A research team from the University of Colorado believes that it’s made a major breakthrough in identifying the cause of Type 1 diabetes and their work was featured recently in the journal Science.
Type 1 Diabetes cause identified?
After a decade of research, the cause of Type 1 diabetes may have finally been found. Type 1, not to be confused with adult onset or Type 2 diabetes (which based on diet doesn’t wait for adulthood), is an inherited autoimmune disorder which sees insulin-producing beta cells in the pancreas being destroyed by the body’s own immune cells.
“We’ve been studying T cells in Type 1 diabetes,” said Thomas Delong, a research assistant professor at the University of Colorado School of Medicine.
More specifically, a type of T cell and the researchers believe they have identified a hybrid insulin peptide in its study with mice.
“Our lab studies the type of T cell known as a CD4 T cell,” said Dr. Kathryn Haskins, a professor of immunology and microbiology at the University of Colorado School of Medicine, in a press release. “We have focused on autoreactive CD4 T cells using a mouse model of autoimmune diabetes. We have been especially interested in identifying the antigens that activate these T cells.”
Interest? Certainly for Dr. Delong who was diagnosed with Type 1 diabetes at the age of 12.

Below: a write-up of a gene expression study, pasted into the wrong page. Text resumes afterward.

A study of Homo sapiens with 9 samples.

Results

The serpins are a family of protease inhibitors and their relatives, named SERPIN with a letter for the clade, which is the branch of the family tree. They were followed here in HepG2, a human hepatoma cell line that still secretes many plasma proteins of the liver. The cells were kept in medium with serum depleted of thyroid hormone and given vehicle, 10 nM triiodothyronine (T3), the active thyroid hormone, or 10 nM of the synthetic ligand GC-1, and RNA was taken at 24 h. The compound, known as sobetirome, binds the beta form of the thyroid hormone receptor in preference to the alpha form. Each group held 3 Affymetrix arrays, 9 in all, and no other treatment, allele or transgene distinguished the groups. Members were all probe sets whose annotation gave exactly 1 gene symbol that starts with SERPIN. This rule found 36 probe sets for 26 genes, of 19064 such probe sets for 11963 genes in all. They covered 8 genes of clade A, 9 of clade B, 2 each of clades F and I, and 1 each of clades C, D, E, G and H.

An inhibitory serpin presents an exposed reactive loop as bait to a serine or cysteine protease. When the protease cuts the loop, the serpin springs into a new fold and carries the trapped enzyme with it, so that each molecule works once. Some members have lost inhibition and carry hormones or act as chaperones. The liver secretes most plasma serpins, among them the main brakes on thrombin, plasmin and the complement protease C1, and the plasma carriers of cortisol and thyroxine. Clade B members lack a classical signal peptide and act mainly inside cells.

The problem with T cells in layman’s terms is while they are there to kill foreign cells in the body to keep you healthy. The problem is when they get a get a bit confused and start running amok and killing healthy cells in the body rather than concentration on foreign cells. This is the basis of many autoimmune disorders. But what causes the confusion?
“There has to be something happening in the beta cells that triggers the attack,” Delong explained.
Beta cells are the cells that are killing the healthy cells rather than the beneficial alpha T cells.
“We found a new type of protein modification,” Delong told CBS4.
This modification is half “mutt” and half insulin and the the T cell just doesn’t like dogs.
“Because the immune system sees that and thinks it might be foreign because it’s never seen that before, it attacks the junction of these proteins,” Delong explained.
Diagnosis to discovery
“I became interested in studying and asking questions, ‘Why does this happen to me? Why does my immune system turn against me?’” says delong.
Delong and his team won a highly competitive 5-7er grant that is American Diabetes Association’s Pathway to Stop Diabetes program.
“The ADA, at the same time, helps me to give me a little breathing space,” Delong said.
This funding allows Delong to stay focused in the lab rather than constantly searching for additional funding for he and his teams work. Unfortunately, this is not a luxury provided by short-term grants or even multiple sources of grant money and private donors, you’re often forced to be a salesperson rather than a scientist when you only trained for the former.
“If we are trying to find a cure for diabetes, we have to find a way to prevent the immune system from attacking,” Delong said.
While Delong clearly has a vested interested in both his work and his health, he believes that his work could some day help other researchers in their battles against other autoimmune disorders.